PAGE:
Keep in mind that all government spending ultimately equals taxation. If the government is going to spend $6 trillion, it needs to deprive the economy of $6 trillion worth of recourses one way or another.

The Biden budget includes some tax increases, but they won’t come close to funding the $6 trillion budget. So, most of the money is going to be printed into existence by the Fed, which means instead of paying for all this government with an income tax or some kind of excise tax, the average American is going to get the bill through the inflation tax, meaning the price of everything you want to buy is going to go up.

The inflation tax is the most pernicious tax because the government can get away with levying it and most people don’t even notice.

The $6 trillion figure only accounts for official spending. The government spends a lot of money that isn’t “official.” It’s not on budget, and it doesn’t count. It counts in that we’ve got to pay for it as taxpayers, but it doesn’t count as far as the government being honest in reporting how much it’s going to spend.

Consider natural disasters. The federal budget doesn’t set aside money to pay for disaster relief, but it doles out disaster money every single year. If the government was actually budgeting, it would look back over time, figure out the average spent each year for federal disaster relief, and make that a line item in the budget.

In a nutshell, if the government says it plans to spend $6 trillion that means it will probably spend $7 trillion, if not more. It’s an even bigger tax than the one they’re threatening to impose.

So, why do we even call this a budget?

Think about your family budget. The first thing you do is figure out how much money you have. You figure out how much you can spend based on your income. Then you prioritize and decide what you will spend your money on. When it’s all said and done, your spending budget will at least roughly approximate your income. You want to make sure you budget your spending because you want to live within your means, and you want to make sure that you spend the money that you have.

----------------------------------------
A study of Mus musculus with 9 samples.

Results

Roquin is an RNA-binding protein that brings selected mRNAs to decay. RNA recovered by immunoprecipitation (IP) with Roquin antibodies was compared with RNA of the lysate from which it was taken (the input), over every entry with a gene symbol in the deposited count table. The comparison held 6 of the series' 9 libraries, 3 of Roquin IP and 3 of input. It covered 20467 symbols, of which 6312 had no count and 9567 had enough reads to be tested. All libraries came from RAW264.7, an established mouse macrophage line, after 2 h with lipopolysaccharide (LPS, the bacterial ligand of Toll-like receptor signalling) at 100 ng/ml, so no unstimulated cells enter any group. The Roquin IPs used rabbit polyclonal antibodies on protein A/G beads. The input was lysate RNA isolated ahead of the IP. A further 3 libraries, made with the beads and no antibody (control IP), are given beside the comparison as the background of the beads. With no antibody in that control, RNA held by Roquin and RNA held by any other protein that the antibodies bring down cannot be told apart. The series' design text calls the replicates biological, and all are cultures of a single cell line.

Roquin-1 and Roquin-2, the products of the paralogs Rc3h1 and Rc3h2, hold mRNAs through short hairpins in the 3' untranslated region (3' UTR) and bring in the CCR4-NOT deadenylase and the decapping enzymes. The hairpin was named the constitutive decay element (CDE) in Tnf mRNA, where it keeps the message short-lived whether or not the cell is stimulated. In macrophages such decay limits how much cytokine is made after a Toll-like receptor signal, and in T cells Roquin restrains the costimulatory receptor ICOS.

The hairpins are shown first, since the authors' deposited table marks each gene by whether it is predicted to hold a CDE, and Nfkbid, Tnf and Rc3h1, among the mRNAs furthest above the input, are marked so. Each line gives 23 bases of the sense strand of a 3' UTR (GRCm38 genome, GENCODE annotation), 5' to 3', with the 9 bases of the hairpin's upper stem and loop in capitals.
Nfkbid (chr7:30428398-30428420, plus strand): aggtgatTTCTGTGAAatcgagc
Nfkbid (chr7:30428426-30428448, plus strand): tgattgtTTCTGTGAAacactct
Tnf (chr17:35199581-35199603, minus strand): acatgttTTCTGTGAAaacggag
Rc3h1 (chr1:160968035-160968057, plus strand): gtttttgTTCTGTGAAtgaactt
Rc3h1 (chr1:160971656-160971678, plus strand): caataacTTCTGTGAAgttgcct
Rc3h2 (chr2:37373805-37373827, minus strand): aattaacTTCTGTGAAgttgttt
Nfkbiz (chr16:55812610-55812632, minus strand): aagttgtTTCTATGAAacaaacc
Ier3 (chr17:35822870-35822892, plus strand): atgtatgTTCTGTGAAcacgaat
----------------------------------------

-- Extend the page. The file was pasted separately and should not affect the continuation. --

That’s not what the federal government does. The government doesn’t even care what the revenue is. The government just figures out what it wants to buy, what it wants to spend money on. And that’s what the budget is. It’s just a spending proposal.

This is not a budget.

Of course, a lot of people will say a government isn’t like a family. With its power to tax, it can always get more money so it can spend what it wants. No. They can’t.

Of course, they can do it for a while until there is a crisis. The reason they can get away with it is because people think, ‘Well, you know, the government can just raise taxes and get more revenue.’ Well, not really. Because raising taxes is politically impossible at this point, unless you’re going to raise taxes on the rich. But when you’re raising taxes on 1% of the population, and the other 99% are off the table, there’s only so much revenue you can get by raising taxes.”

Of course, the government can just print money to pay for spending. But that only works until the money they’re printing no longer has any value. And we are very close to hitting that point.